It’s not a new story these days – technology comes in and sends spasms of change through an industry that’s operated the same way for years.

Except in this case, the standard disruption story is different. It’s now how one smart company created by some relatively young entrepreneurs is transforming an industry that, essentially, hadn’t changed in a century and that no one thought would ever use technology.

RecycleSmart, a Vancouver-based company that has gone national in the past year, has been growing exponentially by using technology to disrupt the calcified industry of trash pickup and disposal.

The company was created as a part-time service in nearby Squamish, B.C. in 2008 by a husband-and-wife pair of consultants, Colin Bell and Jaclyn McPhadden. It picked up recyclable trash from businesses that operated in the mountain town famed for its skiing and other outdoor pursuits.

It moved into Vancouver and became a full-time business serving hotels after Bell, consulting at the venerable Hotel Vancouver, noticed how much waste was generated and rarely recycled. Subsequently, he discovered that the hotel had little insight into how much it actually paid for its waste pickup services – for example, fees never varied, despite fluctuating needs and service. Recycling was non-existent.

The system for business trash pickup is an old-fashioned, route-based business that uses a traditional business model
“The (commercial) industry hadn’t really changed in 100 years,” Bell says. “The system for business trash pickup is an old-fashioned, route-based business that is manually intensive and uses a traditional business model based on locked-in contracts. We provided consulting and established a niche when we told hotels that they could save costs and get better service under our system. And we trained their people how to do it.”

But the business was still operating in a small niche — until 2013, when Graeme Dobinson, an industry veteran who had recently sold his Calgary waste-hauling company, purchased half of RecycleSmart and became a partner.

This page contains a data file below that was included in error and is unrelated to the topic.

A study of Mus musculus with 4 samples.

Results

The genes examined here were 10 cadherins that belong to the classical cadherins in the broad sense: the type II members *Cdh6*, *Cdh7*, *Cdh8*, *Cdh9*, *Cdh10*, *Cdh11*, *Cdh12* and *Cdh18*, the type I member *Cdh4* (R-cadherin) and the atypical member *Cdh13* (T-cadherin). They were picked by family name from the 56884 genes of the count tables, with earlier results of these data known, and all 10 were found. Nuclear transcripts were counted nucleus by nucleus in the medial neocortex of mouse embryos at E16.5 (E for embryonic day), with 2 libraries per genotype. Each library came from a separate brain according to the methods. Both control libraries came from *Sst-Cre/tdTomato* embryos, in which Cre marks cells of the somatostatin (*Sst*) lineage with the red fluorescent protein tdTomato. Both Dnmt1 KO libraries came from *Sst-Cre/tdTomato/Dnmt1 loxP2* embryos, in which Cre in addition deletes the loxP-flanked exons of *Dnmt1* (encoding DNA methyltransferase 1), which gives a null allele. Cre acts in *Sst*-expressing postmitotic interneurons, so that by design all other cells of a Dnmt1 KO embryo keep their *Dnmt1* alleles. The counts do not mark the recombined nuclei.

“I met Colin at industry functions,” Dobinson says. “They were a small, local, home-grown business with a good idea — and with my experience we saw a good market (national chain stores and other large multi-location companies),” he recalls.

These companies often had similar needs and similar problems — they were often forced to deal with local waste collectors in multiple locations, which meant too many individual waste-hauling contracts and the headaches that came with managing them all.

Also, the nature of the industry’s pricing structure worked against them: As Dobinson describes it, the system encouraged haulers to pick up as little as possible because they were paid for scheduled pickup visits regardless of what they picked up or what was required, and charged bonuses for extra visits — or didn’t make them at all.


That led to the next challenge. At first, RecycleSmart installed cameras in bins that relayed information to the company’s Richmond headquarters. But they were often broken or covered so couldn’t always report accurately.

The company knew sensors that could communicate with head office would be more useful, and after scouring the world for such a device, found a Finnish company that could adapt some children’s toy sensors for their purposes. These sensors now manage some 8,000 bins in 2,000 locations from coast to coast.

Conversion from a simple local hauler of recyclable waste to technology company managing waste on a national scale has definitely paid off. RecycleSmart’s revenue has grown from $400,000 in 2012 to a projected $15 million to $20 million in 2017. It recently opened operations in Toronto, and is hiring more staff to supplement the 30 operating out of its Richmond headquarters.

“Data is everything now,” says Dobinson. “Technology has caused our growth to double in the last couple of years. We now have customers in every major city.”

Bell takes a consultant’s view. “It’s a beauty of a business,’ he says. “It’s asset light, debt free and we’re fulfilling a need. It’s a $3 billion market and we’re not even two per cent of it. We’re only at the beginning of the hockey stick.”